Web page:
Dictionary > English Dictionary > Definition, synonym and antonym of proclaim
Meaning of proclaim by Wiktionary Dictionary

proclaim


    Etymology

    From Latin proclamare, pro- ( forth ) + clamare ( shout, cry out ) .

    Pronunciation

    • Rhymes: -eɪm

    Anagrams



Explanation of proclaim by Wordnet Dictionary

proclaim


    Verb
    1. praise, glorify, or honor

    2. state or announce

    3. The King will proclaim an amnesty
    4. declare formally

    5. He was proclaimed King
    6. affirm or declare as an attribute or quality of



    Definition of proclaim by GCIDE Dictionary

    proclaim


    1. Announce v. t. [imp. & p. p. Announced ( ); p. pr. & vb. n. Announcing] [OF. anoncier, F. annoncer, fr. L. annuntiare; ad + nuntiare to report, relate, nuntius messenger, bearer of news. See Nuncio, and cf. Annunciate.]

      1. To give public notice, or first notice of; to make known; to publish; to proclaim.

      Her [Q. Elizabeth's] arrival was announced through the country by a peal of cannon from the ramparts. Gilpin.

      2. To pronounce; to declare by judicial sentence.

      Publish laws, announce

      Or life or death. Prior.

      Syn. -- To proclaim; publish; make known; herald; declare; promulgate. -- To Publish, Announce, Proclaim, Promulgate. We publish what we give openly to the world, either by oral communication or by means of the press; as, “to publish abroad the faults of our neighbors”. We announce what we declare by anticipation, or make known for the first time; as, to announce the speedy publication of a book; to announce the approach or arrival of a distinguished personage. We proclaim anything to which we give the widest publicity; as, to proclaim the news of victory. We promulgate when we proclaim more widely what has before been known by some; as, to promulgate the gospel.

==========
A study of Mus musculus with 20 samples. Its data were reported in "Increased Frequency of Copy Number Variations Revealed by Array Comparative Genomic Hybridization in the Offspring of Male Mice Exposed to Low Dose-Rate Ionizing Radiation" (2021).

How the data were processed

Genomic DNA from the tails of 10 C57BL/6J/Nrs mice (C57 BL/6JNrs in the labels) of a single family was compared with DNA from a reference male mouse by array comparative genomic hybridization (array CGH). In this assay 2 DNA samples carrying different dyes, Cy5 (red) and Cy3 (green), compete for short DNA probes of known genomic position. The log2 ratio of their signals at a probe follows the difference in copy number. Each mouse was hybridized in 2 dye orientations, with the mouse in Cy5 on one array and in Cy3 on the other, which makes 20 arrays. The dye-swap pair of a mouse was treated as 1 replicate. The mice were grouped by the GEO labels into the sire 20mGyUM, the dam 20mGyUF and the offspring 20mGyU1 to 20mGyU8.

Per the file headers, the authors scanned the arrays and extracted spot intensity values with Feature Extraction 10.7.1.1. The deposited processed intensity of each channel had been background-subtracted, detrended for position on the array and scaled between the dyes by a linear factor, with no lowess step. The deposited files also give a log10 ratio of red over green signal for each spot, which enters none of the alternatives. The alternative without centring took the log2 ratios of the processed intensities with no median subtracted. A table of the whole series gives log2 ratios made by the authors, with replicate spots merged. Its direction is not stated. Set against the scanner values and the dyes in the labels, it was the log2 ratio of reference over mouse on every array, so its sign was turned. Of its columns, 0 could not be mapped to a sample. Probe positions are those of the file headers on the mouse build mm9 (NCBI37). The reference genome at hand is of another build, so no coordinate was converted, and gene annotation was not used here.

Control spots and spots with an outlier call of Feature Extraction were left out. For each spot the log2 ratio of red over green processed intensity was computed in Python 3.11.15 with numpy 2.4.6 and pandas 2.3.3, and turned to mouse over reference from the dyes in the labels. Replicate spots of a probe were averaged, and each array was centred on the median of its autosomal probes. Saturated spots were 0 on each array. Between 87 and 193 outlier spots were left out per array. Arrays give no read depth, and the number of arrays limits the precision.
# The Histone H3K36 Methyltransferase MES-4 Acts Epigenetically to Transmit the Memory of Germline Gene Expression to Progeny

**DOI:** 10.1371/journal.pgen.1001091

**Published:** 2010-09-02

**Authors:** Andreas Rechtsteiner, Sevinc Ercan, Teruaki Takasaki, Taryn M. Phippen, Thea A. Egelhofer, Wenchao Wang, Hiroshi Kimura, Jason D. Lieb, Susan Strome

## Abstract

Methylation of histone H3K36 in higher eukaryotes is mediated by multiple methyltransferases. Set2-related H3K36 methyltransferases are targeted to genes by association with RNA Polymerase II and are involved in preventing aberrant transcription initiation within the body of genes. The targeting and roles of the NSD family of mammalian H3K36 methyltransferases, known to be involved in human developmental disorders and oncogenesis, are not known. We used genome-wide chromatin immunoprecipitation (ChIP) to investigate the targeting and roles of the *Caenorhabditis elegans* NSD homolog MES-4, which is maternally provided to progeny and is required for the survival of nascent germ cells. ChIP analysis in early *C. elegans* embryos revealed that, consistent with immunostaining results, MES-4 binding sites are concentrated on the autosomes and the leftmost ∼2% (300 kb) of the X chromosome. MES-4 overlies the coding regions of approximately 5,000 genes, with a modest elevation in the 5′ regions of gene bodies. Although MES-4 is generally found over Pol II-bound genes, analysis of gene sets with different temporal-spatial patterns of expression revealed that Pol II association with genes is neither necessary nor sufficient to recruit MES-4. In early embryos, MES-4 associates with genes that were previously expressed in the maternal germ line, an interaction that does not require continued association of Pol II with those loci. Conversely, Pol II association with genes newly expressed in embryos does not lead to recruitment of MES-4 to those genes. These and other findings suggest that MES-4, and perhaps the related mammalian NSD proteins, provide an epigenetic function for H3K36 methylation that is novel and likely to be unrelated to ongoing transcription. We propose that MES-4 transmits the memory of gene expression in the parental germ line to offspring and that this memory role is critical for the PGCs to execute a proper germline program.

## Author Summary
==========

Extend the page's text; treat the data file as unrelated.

2. Announce v. t. [imp. & p. p. Announced ( ); p. pr. & vb. n. Announcing] [OF. anoncier, F. annoncer, fr. L. annuntiare; ad + nuntiare to report, relate, nuntius messenger, bearer of news. See Nuncio, and cf. Annunciate.]

      1. To give public notice, or first notice of; to make known; to publish; to proclaim.

      Her [Q. Elizabeth's] arrival was announced through the country by a peal of cannon from the ramparts. Gilpin.

      2. To pronounce; to declare by judicial sentence.

      Publish laws, announce

      Or life or death. Prior.

      Syn. -- To proclaim; publish; make known; herald; declare; promulgate. -- To Publish, Announce, Proclaim, Promulgate. We publish what we give openly to the world, either by oral communication or by means of the press; as, “to publish abroad the faults of our neighbors”. We announce what we declare by anticipation, or make known for the first time; as, to announce the speedy publication of a book; to announce the approach or arrival of a distinguished personage. We proclaim anything to which we give the widest publicity; as, to proclaim the news of victory. We promulgate when we proclaim more widely what has before been known by some; as, to promulgate the gospel.

    3. Proclaim v. t. [imp. & p. p. Proclaimed ; p. pr. & vb. n. Proclaiming.] [OE. proclamen, L. proclamare; pro before, forward + clamare to call or cry out: cf. F. proclamer. See Claim.]

      1. To make known by public announcement; to give wide publicity to; to publish abroad; to promulgate; to declare; as, “to proclaim war or peace”.

      To proclaim liberty to the captives. Isa. lxi. 1.

      For the apparel oft proclaims the man. Shak.

      Throughout the host proclaim

      A solemn council forthwith to be held. Milton.

      2. To outlaw by public proclamation.

      I heard myself proclaimed. Shak.

      Syn. -- To publish; promulgate; declare; announce. See Announce.